Creating artwork that will be sent to the printer has become easier over the last few years but it may still be confusing at times. Knowing how to communicate with the printer and follow his instructions will help a lot during the planning of your project and preparing the final image for the printer. Two important considerations are image resolution and color mode.

Resolution the Magic 300 ppi

The resolution for web images is different from the resolution used by printers. Have you ever tried to print an image directly from a website and it turned out to be fuzzy? This is because web images have a low resolution of 72 pixels per inch and your printer uses a higher resolution of 300 ppi. This results in a fuzzy image. Therefore, you need to take this difference into consideration when planning your project. If your artwork will only be used on the web, you can create the image at a resolution of 72. However, most of the time, your project will require that your artwork be printed as well as posted on a website. In this case, you will want to create your artwork at a higher resolution such as 300 ppi. Then you can reduce the resolution when you create the web images for your site. This can be easily done in Photoshop and other graphics programs.

RGB and CMYK Color Modes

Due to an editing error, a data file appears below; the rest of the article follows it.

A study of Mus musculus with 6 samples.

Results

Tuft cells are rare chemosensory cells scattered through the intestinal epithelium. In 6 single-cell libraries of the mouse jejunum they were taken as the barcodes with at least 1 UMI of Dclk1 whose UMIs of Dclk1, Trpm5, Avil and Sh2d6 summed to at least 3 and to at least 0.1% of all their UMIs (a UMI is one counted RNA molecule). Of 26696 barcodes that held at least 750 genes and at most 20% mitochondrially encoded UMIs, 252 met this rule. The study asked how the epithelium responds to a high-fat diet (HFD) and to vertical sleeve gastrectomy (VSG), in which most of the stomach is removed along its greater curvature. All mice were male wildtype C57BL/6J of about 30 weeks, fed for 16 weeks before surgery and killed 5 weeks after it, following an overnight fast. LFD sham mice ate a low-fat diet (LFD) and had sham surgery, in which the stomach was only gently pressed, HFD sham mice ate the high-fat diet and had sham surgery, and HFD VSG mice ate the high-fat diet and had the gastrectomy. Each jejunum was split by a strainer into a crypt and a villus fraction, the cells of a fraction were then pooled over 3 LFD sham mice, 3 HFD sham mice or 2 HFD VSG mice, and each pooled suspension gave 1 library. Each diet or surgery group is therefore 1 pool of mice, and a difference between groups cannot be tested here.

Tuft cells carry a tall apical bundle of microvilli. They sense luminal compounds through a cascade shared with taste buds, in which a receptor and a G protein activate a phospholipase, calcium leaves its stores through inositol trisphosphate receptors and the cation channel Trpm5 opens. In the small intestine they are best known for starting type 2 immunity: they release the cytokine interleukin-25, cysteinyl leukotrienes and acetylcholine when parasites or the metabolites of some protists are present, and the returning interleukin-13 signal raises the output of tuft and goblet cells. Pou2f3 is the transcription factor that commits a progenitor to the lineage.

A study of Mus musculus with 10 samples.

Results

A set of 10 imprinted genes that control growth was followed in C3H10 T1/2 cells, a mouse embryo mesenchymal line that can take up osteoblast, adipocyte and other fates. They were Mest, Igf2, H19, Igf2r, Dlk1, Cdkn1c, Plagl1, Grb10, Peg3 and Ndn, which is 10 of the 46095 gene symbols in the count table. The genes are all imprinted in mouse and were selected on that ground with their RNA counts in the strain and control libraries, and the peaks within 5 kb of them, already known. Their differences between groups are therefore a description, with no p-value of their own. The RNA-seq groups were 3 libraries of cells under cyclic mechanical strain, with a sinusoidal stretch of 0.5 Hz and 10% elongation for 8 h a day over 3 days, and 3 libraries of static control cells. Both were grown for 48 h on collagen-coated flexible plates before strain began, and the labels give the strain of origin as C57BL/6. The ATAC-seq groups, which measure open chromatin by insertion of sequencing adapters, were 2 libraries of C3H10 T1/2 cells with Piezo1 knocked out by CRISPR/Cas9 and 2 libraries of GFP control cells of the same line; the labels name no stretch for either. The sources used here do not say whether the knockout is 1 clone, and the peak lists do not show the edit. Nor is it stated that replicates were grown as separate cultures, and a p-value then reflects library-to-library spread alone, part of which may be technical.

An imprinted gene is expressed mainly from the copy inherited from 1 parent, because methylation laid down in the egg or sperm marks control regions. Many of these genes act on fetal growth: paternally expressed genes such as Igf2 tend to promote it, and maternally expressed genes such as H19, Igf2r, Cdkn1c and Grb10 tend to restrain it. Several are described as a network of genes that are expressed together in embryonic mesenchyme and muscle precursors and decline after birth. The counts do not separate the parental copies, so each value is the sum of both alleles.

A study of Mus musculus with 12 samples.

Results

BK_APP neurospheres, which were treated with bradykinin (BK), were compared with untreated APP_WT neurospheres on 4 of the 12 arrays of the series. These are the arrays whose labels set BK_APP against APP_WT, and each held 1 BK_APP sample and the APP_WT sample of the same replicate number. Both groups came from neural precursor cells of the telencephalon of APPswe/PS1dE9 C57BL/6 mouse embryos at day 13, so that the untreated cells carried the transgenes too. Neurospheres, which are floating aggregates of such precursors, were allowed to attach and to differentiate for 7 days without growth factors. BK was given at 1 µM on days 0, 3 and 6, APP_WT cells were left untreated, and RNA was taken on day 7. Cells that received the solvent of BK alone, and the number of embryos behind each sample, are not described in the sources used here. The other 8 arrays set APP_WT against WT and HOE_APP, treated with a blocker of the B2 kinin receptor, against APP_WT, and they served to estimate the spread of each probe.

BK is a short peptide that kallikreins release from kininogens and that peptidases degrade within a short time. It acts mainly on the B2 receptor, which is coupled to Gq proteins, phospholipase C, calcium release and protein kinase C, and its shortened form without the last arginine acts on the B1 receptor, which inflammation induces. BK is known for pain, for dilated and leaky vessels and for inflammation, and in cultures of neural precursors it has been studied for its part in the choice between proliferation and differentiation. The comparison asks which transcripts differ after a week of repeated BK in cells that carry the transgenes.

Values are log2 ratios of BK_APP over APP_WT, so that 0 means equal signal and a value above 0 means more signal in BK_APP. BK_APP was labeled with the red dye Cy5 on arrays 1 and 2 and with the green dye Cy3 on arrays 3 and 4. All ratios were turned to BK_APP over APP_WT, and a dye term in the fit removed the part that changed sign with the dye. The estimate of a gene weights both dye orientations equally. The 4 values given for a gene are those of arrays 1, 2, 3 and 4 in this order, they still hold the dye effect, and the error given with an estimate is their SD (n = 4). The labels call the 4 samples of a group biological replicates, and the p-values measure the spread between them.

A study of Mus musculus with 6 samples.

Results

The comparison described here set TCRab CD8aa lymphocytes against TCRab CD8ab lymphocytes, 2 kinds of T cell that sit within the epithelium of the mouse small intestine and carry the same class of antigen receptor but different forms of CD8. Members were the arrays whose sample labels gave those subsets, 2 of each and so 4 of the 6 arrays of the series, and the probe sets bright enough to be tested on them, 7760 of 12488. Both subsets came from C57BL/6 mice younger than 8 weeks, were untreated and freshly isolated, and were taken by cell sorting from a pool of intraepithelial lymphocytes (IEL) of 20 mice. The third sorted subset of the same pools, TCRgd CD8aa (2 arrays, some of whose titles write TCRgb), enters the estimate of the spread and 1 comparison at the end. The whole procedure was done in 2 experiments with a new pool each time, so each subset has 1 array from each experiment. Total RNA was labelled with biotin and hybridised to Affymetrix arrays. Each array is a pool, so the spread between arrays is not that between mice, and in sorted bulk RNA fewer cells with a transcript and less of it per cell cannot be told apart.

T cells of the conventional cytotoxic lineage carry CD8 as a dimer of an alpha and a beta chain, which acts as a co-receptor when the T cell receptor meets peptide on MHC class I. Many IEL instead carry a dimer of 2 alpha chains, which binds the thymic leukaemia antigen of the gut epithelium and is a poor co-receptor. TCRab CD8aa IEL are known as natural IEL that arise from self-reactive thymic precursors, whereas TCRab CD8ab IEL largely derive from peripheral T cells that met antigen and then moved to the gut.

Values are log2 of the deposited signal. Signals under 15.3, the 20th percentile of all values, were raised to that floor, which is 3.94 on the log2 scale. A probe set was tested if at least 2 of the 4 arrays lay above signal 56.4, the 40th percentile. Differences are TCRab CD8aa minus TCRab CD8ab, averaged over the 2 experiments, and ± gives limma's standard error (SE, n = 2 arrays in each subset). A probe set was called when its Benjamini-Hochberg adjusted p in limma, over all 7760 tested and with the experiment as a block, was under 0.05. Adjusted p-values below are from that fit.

Most digital artists like to create their artwork in the RGB color mode. This is because many of the digital tools such as filters and special effects only work in RGB mode. This is fine until you are ready to print your image. You may have noticed that the beautiful, brilliant colors that you see on your monitor do not appear the same when printed. This is because the web and your computer use the RGB color mode and printers use the CMYK color mode. The colors do not translate well when you ask your CMYK printer to print an RGB image. It's like asking an English speaking printer to print in Spanish. This is less of a problem today due to the newer home printers that can now print in RGB color mode. However, most professional printers still use the CMYK color mode. In order to insure that your colors look right when printed, you need to convert your RGB image to CMYK before you create the file that will go to the printer. This can also be easily done in Photoshop and other graphics programs.

This content was written by Diane Cipollo. If you wish to use this content in any manner, you need written permission. Contact Diane Cipollo for details.